There is no shortage of bullish hype and speculation when it comes to the emerging future of the Internet of Things (IoT).
Technology giant Cisco has said that it expects 50 billion objects to connect by 2020. Samsung announced at CES that within 5 years, all of its appliances will access the internet.
CES 2015 showcased over 900 exhibitors with innovations that harnessed the power of the network and Karen Chupka, senior vice president of International CES and corporate business strategy, called the Internet of Things “the hottest topic in tech right now.”
A world where intelligence flows seamlessly between connected objects sounds very plausible. After all, only 20 years ago there was barely any internet at all. Today estimates place the data-cloud that comprises it as moving rapidly towards 966 Exobytes, which is almost a Zettabyte.
To give you an idea of how much data that is, UC Berkeley estimated that “all words spoken by human beings” could be contained in 5 exobytes of data. Cisco estimates that by 2016, annual global IP traffic will pass the zettabyte threshold.
With 90% of the world’s land surface now having access to a mobile phone signal, we are entering a new age. One where we connect our physical world, directly to the digital.
The Zettabyte future has begun.
Everything on the Internet
In this connected world every object, person and animal will have its own unique digital identity.
Everything from our homes and workplaces, to the goods we ship, the clothes we wear, the appliances we use, the buildings we occupy, the cars we drive and the roads we drive upon will be connected. The relationship between us and the objects around us will alter.
Connected objects will tell stories to us about themselves and they will tell those stories to each other.
The sensors inside them will communicate with other sensors inside other connected objects. They will speak the language of the future, a swarm of connected components exchanging high-speed binary data in a highly networked world.
According to IBM’s Scott Burnett, speaking at CES this year, there are 3 parts to this connectivity:
- Devices equipped with the ability to connect.
- Data in the cloud that serves and powers that connectivity.
- Services that emerge from interactions between devices and data.
Commercially this a vast new area of opportunity. But it is also the birth of a new type of society. One where everything is perpetually connected and where reality itself begins to become quantifiable.
The Measuring of Everything
Hospitals will monitor patients, patients will monitor hospitals. Parents will monitor children and companies will monitor consumers. Everyone and everything will monitor everyone and everything. We will share Petabytes of data about our health, location, activity, mood and mode. We will gather data so rich that an army of machines could not have collated it just a few decades ago.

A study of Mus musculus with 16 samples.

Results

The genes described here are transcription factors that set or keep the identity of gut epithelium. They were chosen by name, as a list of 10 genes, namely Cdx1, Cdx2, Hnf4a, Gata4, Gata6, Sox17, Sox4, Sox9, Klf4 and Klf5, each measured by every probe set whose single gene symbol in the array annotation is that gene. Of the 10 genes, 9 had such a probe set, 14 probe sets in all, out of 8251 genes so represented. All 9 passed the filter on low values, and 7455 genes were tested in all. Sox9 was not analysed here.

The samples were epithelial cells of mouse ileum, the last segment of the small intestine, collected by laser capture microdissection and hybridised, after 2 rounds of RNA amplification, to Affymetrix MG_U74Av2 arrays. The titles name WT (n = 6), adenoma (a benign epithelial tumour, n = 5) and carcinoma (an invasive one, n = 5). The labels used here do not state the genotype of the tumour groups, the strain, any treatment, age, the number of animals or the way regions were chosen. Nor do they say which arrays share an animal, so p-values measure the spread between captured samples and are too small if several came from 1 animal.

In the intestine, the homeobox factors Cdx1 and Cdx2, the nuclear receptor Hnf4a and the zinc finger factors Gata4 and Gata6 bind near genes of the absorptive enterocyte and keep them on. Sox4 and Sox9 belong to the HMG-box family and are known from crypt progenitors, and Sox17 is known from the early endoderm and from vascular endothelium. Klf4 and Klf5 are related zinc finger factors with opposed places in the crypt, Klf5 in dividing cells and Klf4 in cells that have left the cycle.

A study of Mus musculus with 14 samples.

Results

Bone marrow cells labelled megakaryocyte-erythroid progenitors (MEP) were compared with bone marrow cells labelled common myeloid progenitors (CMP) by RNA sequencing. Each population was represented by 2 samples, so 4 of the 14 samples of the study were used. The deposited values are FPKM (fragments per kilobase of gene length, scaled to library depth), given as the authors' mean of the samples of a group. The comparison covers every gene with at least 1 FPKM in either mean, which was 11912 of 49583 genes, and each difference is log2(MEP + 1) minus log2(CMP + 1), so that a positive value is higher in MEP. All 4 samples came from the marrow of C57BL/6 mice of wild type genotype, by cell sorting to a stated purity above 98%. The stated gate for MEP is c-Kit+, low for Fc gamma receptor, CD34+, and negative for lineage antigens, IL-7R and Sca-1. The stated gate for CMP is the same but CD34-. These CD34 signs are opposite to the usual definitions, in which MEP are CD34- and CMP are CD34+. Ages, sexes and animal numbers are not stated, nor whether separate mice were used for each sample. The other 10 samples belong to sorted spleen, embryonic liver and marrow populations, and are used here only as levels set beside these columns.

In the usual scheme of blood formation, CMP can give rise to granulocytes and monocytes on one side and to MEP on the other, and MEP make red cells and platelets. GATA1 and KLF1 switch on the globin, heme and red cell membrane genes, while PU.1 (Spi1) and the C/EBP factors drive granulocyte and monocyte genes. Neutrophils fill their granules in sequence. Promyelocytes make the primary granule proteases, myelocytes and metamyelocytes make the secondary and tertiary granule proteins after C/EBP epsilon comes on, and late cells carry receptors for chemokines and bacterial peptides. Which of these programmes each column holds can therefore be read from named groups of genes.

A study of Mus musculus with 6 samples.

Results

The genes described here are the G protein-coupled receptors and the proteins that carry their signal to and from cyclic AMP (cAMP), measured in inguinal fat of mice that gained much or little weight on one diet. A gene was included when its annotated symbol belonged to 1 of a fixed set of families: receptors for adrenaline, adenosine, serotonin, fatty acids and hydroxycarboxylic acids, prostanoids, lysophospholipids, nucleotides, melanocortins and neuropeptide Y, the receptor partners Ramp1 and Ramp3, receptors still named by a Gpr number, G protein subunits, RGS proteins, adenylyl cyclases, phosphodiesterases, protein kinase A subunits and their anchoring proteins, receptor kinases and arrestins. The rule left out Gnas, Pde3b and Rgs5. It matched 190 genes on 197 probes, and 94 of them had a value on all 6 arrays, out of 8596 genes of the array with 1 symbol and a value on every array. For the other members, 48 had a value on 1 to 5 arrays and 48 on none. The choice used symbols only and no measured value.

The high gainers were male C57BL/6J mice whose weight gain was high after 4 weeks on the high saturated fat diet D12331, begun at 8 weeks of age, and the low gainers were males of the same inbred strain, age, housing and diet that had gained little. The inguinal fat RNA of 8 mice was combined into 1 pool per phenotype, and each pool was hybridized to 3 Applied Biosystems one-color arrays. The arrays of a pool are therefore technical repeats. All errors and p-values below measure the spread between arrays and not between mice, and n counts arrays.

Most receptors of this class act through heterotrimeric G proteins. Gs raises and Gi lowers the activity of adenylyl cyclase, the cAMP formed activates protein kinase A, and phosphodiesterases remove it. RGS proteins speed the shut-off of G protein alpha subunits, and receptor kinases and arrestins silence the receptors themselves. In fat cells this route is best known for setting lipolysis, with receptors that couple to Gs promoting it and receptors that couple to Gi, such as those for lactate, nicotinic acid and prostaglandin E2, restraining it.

Predictive analytics will drive conclusions and we will use then to improve our outcomes.
Reality will become indexable and searchable. It will become trivial to know where anything is. We will not lose things anymore because the cloud will always know exactly where we left them.
We will reach out remotely and touch digitally. We will operate and interact over distance with a level of intimacy we can only guess at today. Our appliances will be remote controllable and our realities will be highly programmable.
We will routinely superimpose the virtual upon the physical and the physical upon the virtual.
These are powerful changes, both liberating and confining. They will offer great freedoms and severe limitations.
The Internet of things will liberate us because it will free us from the randomness of ignorance and the tyranny of the unknown. It will connect us to the information we need, when we need it. We will make better, smarter choices and this will allow greater choice and freedom to flourish.
The Internet of Things will confine us because we will not be able to escape it. There will be nowhere and no-one that is not connected to it. Nothing will be untouched by the hands of our technology. The threat of technocracy and dictatorship and of submission to the will of those who tend the machines will grow.
When so much is knowable, the threat of mis-use increases. Human beings are not machines, and we are not always rational. We do not always act in our own best interests, or the best interest of others.
The existence of a global smart-web does not guarantee our safe or responsible use of it. Security threats to a connected world will be orders of magnitude more dangerous than before.
Malfunctions and fluctuations will pose greater risks. For all its illusion of safety it is probable that a world dominated by the Internet of Things, will be more and not less dangerous than the one we live in today.
The Internet of things will enable us to understand our world and ourselves with far greater precision. It will grant many boons in return for our acceptance of it. It will pose many challenges. How we respond to the complexities and opportunities it raises and how we deal with the threats that arise, will determine much of what we become in the months and years ahead.